Low expectations: Staff weakness or management challenge?
The level of attainment that staff expect from their pupils – staff expectations – has been shown to have a powerful effect on the performance of those pupils. This makes it a very interesting and valuable avenue to school improvement; higher attainment can be achieved without adding to teachers’ skills or resources, by simply changing their frames of mind.
An observation I've frequently heard from school leaders is “our staff expectations are too low” said as one might say “our staff are too short” or “our classrooms are too small”. I think it's helpful to look at the issue another way. Teachers, like all people, base their expectations on what has come before, therefore their expectations are for the school to maintain its current level of performance. For a school leader these expectations are too low, but it is impossible that they should be otherwise. For staff to believe that this year’s students will make more progress than last year’s they must be given a reason. So rather than looking at “low expectations” as an attribute of staff, it's better to see raising expectations as a challenge for management.
Dumbo’s Feather: How to change people’s minds
If you say to your staff “I’m going to raise your expectations” it is very unlikely you will be successful. People are naturally resistant to direct assertions of authority, particularly when it comes to their beliefs. You need offer them something tangible, that will have the effect of convincing them student attainment will rise, just as Dumbo needed a feather to believe he could fly. Bear in mind, though, that your staff are more intelligent than Dumbo s their “feather” must be a credible improvement if it is to change their beliefs.
There's almost certainly lots of changes in motion aimed at making school better. Often I find the key question is 'are these changes being communicated to staff, pupils and parents as a coherent package? A good way to test this is to give a friend who does not work at the school the 'elevator pitch' by explaining in under a minute what your leadership team is doing to improve school. Have an open discussion about this pitch, is it convincing? Are their specifics to back up its generalities? If the answer to these questions is yes then it's time to consider how it is being communicated to staff.
Policy documents/SIPs/Staff bulletins are like corpses. They don't talk and if people look at them it's to give a brief nod before moving on. If your communication with staff mostly happens in writing it's probably failing. Effective communication is always live.
There are two arenas for live communication, big set pieces and one-on-ones. Big set pieces, like whole staff meetings and assemblies, have a tendency to be abstract so personalise them by connecting the big ideas you're presenting to specific people and events. One-on-one communication is naturally personal so do the opposite, relate the experiences you talk about with colleagues to the wider themes of your improvement. By mastering the channels of communication you can build, brick by brick, a belief that the school improvement plan (simple enough to be explained in under a minute) is working because a, b, c...have happened.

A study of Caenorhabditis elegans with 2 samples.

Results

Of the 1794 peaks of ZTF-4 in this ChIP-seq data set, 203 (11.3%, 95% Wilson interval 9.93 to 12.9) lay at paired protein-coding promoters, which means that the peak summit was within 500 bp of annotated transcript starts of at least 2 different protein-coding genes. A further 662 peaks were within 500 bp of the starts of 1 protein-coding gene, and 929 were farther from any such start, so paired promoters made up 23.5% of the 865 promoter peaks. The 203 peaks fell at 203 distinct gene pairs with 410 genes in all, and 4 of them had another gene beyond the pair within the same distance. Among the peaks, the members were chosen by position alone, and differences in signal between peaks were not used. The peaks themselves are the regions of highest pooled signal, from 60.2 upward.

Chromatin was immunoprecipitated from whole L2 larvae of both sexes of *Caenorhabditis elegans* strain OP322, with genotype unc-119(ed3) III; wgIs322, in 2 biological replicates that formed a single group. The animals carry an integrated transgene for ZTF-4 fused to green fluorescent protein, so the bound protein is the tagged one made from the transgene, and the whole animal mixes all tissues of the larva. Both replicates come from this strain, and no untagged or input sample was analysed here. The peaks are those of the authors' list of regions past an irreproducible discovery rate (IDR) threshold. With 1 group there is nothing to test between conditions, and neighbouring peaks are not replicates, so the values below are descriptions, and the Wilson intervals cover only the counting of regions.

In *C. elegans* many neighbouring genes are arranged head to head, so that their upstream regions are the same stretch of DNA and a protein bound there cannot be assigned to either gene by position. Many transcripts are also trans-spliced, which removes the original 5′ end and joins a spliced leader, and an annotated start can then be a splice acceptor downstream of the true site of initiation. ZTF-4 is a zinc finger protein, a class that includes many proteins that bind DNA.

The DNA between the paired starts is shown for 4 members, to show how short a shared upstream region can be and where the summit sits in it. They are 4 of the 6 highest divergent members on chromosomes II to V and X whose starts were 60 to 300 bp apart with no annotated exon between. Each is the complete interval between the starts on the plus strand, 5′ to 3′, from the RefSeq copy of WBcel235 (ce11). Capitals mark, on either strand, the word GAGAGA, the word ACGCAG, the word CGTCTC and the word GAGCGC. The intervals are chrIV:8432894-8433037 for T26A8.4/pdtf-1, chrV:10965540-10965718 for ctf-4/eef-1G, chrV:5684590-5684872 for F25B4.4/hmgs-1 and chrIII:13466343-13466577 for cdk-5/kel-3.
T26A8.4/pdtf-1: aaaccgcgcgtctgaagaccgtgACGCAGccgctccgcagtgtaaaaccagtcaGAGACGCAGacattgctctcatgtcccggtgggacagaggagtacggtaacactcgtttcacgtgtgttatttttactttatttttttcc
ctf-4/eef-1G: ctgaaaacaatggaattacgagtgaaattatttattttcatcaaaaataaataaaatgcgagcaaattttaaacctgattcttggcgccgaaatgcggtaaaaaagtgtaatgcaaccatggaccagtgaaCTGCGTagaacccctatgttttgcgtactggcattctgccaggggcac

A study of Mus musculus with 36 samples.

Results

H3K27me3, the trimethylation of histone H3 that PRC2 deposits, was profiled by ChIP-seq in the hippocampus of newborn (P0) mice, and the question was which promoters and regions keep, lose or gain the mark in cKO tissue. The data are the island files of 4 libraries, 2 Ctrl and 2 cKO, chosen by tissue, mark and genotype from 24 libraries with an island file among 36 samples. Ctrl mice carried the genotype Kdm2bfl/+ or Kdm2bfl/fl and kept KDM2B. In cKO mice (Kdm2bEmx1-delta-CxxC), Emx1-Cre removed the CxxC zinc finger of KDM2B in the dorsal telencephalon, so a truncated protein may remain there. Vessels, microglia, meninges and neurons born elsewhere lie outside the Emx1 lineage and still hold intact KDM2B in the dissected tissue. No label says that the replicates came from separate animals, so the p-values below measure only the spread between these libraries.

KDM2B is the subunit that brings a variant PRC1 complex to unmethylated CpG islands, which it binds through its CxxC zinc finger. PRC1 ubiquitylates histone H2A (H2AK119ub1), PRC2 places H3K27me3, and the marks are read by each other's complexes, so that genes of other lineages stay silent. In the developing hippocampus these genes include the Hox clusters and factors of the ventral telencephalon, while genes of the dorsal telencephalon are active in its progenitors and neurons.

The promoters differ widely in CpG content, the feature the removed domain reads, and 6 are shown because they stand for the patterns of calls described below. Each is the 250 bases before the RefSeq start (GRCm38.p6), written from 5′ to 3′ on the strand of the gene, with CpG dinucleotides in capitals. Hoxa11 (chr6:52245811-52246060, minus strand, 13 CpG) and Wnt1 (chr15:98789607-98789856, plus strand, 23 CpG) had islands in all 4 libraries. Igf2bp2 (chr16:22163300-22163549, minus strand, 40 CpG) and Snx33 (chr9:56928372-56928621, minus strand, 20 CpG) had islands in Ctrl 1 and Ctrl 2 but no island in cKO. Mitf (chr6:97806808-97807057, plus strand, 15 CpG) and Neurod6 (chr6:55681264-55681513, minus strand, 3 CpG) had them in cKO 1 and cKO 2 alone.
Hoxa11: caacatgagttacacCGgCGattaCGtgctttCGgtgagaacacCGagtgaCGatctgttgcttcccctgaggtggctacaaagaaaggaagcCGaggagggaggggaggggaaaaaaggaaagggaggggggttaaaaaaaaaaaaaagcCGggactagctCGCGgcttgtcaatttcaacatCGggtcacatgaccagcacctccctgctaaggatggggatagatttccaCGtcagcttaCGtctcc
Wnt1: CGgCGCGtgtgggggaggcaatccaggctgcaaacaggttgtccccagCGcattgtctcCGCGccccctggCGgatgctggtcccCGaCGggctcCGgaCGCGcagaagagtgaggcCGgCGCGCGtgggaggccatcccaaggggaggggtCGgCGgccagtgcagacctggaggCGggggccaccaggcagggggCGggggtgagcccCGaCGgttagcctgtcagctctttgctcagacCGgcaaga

Passion’s Slave: Why logic alone is not enough
Hume’s observation that “reason is the slave of passion” is of vital importance when changing people’s beliefs. It means that if your staff feel negatively towards school or your management of it, they will look for facts to justify and cement those negative attitudes. This is common problem because the pressure on schools for continual improvement naturally leads to a focus on areas of weakness and underperformance. If teachers feel they are being judged to be substandard they will feel hurt and resentful towards its source and no amount of reasoned argument about how that source (the school) is improving will sway them.
There are two very simple things school leaders can do to improve the way their staff feel towards their place of work and so open them to persuasion that it is improving. The first is praise. Look and listen out for good practice and congratulate it. Finding out about and praising progress made is the fastest way to generate more. The second is acknowledging that the management team must improve as well as the staff. Publicly stating that you yourself must improve removes the stigma when you say it to others.
Do not make the mistake of thinking that the demands of your complex, data-driven, intricately set out plans for school improvement do not leave you time to deal with something as vague and ephemeral as your staff’s feelings. No school improvement plan can be successful without the cooperation of staff, and that cooperation will only spring from positive emotions.